Supermarket chain Tesco plc has been found to be in breach of the legally-binding Groceries Supply Code of Practice that protects groceries suppliers by Christine Tacon, the Groceries Code Adjudicator (GCA), the UK government reported on Tuesday.
The GCA’s first investigation was launched in February, after Tesco declared its profit over-statement and the receipt of information from the retailer and the grocery sector. Information available to the Adjudicator reportedly gave her a reasonable suspicion that the retailer had breached areas of the Groceries Supply Code of Practice.
In the investigation, Tacon discovered delays in payments arising from data input errors, duplicate invoicing and deductions to maintain Tesco margin, as well as unilateral deductions resulting from forensic auditing, short deliveries and service level charges.
Tacon found that Tesco had acted unreasonably when delaying payments to suppliers, often for long periods, when she carried investigation covering the period from 25 June 2013 to 5 February 2015.
According to the Adjudicator, there were three key issues that were a cause for concern, with Tesco making unilateral deductions from suppliers, the length of time taken to pay money due to suppliers and there was found to be an intentional delay in paying suppliers in certain cases.
Due to the varying and widespread nature of the delays in payment, the Adjudicator considered Tesco’s breach of the Code to be serious and has used her powers to order the retailer to make significant changes in the way it deals with payments to suppliers.
Tacon has made recommendations, which include stopping Tesco from making unilateral deductions from money owed for goods supplied.
Grocery suppliers will be given 30 days to challenge any proposed deduction and if challenged Tesco will not be entitled to make the deduction.
Pricing errors must also be corrected within seven days of notification by a supplier.
Findings from the Adjudicator’s investigation have also resulted in Tesco being ordered to improve its invoices by providing more transparency and clarity for suppliers and to put its finance teams and buyers through training.
Commenting on her findings, Tacon stated: “The length of the delays, their widespread nature and the range of Tesco’s unreasonable practices and behaviours towards suppliers concerned me. I was also troubled to see Tesco at times prioritising its own finances over treating suppliers fairly.
“My recommendations will deal with the weaknesses in Tesco’s practices during the period under investigation.
“I am pleased that many suppliers have reported improvements in their relationship with Tesco to me since the period under investigation. Tesco has also kept me informed of changes it is making to deal with the issues. This is a demonstration of the impact my role is making. I believe that my recommendations will lead to significant improvements at Tesco and in the sector. ”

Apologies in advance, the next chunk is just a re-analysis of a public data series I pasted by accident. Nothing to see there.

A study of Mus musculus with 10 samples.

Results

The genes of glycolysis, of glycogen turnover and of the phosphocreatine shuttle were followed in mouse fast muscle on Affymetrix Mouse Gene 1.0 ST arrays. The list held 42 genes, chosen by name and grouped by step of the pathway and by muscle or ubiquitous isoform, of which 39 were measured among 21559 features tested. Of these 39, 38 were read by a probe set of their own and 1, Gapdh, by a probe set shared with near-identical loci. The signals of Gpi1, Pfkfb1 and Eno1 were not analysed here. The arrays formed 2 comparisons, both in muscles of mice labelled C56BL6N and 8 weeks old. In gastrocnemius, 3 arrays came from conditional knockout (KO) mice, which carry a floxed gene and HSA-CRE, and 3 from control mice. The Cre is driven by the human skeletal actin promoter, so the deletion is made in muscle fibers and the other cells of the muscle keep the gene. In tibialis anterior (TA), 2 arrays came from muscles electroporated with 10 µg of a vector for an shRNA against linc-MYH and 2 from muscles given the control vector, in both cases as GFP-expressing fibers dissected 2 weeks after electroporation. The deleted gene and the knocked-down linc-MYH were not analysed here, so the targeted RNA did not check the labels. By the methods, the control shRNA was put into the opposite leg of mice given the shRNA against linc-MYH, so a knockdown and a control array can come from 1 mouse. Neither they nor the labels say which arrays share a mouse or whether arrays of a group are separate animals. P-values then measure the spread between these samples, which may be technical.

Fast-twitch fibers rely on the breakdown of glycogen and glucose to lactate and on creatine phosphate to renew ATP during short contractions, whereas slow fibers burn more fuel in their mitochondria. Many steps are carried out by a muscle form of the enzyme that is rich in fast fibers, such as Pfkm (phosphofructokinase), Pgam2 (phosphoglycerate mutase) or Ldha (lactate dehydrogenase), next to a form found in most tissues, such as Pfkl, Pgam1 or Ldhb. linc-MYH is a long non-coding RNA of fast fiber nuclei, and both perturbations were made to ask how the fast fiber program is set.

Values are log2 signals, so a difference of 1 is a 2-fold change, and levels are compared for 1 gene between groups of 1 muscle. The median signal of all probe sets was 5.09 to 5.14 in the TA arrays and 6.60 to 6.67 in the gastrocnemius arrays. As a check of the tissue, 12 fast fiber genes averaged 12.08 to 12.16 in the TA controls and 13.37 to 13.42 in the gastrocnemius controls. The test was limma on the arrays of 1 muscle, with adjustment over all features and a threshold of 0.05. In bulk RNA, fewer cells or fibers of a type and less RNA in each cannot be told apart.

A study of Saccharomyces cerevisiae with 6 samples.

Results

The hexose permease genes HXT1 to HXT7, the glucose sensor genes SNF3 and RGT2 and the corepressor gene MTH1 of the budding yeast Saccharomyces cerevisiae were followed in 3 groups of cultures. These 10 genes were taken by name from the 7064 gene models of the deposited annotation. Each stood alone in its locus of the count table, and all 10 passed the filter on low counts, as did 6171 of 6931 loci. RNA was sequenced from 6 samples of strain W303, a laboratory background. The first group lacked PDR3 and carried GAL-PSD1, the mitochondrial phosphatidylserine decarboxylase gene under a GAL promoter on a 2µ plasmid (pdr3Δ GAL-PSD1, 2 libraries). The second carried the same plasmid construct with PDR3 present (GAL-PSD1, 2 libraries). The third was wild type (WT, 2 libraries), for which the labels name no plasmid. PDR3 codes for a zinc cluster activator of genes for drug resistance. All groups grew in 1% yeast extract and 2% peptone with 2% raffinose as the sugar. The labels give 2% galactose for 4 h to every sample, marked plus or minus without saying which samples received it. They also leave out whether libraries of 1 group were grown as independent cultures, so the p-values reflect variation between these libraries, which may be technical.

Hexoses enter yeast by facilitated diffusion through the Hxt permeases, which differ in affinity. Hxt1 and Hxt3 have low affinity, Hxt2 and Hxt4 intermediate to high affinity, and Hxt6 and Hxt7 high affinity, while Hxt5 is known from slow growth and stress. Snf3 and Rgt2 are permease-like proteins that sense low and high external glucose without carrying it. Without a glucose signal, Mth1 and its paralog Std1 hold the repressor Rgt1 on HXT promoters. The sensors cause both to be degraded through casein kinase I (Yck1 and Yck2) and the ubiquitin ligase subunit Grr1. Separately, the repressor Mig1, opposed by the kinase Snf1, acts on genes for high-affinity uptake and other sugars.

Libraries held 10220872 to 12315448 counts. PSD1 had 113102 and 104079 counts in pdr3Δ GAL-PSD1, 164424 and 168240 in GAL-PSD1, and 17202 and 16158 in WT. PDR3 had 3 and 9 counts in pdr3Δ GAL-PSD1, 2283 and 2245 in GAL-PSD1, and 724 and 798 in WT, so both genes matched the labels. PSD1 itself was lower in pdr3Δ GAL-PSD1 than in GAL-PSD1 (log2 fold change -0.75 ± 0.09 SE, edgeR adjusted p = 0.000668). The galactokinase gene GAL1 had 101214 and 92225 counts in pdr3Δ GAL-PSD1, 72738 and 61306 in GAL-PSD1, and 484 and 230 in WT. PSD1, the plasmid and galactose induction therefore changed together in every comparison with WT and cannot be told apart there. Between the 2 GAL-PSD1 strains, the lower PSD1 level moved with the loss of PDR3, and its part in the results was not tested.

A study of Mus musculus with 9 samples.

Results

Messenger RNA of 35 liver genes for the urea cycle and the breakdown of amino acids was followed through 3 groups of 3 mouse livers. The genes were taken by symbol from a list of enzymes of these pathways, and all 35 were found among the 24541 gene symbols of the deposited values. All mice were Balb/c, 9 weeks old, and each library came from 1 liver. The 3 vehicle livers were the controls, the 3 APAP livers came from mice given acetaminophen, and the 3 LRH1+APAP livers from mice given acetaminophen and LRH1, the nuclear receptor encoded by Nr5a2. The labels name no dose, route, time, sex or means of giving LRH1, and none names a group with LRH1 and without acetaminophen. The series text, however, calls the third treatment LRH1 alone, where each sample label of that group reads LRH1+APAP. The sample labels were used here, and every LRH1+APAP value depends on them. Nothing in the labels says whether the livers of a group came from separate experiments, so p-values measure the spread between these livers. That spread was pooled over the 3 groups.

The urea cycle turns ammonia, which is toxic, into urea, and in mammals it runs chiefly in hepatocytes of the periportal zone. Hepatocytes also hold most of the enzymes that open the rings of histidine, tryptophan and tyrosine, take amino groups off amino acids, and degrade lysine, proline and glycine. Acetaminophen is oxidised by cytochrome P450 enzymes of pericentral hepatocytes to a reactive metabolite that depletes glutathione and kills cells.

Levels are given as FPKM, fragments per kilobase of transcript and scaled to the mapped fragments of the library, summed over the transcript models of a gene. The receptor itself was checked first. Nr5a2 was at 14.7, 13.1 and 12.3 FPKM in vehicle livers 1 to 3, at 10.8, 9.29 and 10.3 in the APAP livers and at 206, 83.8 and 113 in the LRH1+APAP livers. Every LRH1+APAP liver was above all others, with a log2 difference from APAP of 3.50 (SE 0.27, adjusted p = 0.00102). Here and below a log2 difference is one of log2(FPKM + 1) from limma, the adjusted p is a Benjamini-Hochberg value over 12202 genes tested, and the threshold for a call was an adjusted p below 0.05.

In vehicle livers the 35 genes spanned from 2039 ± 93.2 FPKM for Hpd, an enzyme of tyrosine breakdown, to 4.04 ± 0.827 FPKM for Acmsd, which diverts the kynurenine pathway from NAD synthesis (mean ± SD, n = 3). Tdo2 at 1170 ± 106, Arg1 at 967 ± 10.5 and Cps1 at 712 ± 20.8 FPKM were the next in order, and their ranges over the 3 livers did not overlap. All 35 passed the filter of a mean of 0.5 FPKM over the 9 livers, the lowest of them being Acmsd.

A four-week deadline has been set by the GCA for Tesco to say how it plans to implement her recommendations. The company will then have to make regular reports on its progress, including information on the number and value of invoices in dispute as well as the length of time they remain unresolved.
In addition to Tacon’s findings, she has voiced concern that practices by large suppliers could amount to an indirect requirement for better positioning. These practices include supplier negotiations for better positioning and increased shelf space in response to requests for investment from Tesco, as well as paying for category captaincy and to participate in Tesco range reviews.
The GCA said: “I am concerned that as a result of these practices the purpose of the Code may be circumvented to the detriment of smaller suppliers who cannot compete with payments for better positioning, category captaincy or to participate in range reviews.
“I have decided to launch a formal consultation with the sector, involving both retailers and suppliers, to help me reach a firm conclusion on whether these practices are acceptable.”
Additionally, Tacon has written to the Competition and Markets Authority (CMA) asking them to consider the issue of category captaincy as well as referring evidence that Tesco may have breached CMA rules by operating without all its terms of supply agreement being in writing, a factor that may have contributed to payment disputes and delays.
Tesco has reportedly accepted the findings and has issued a public apology.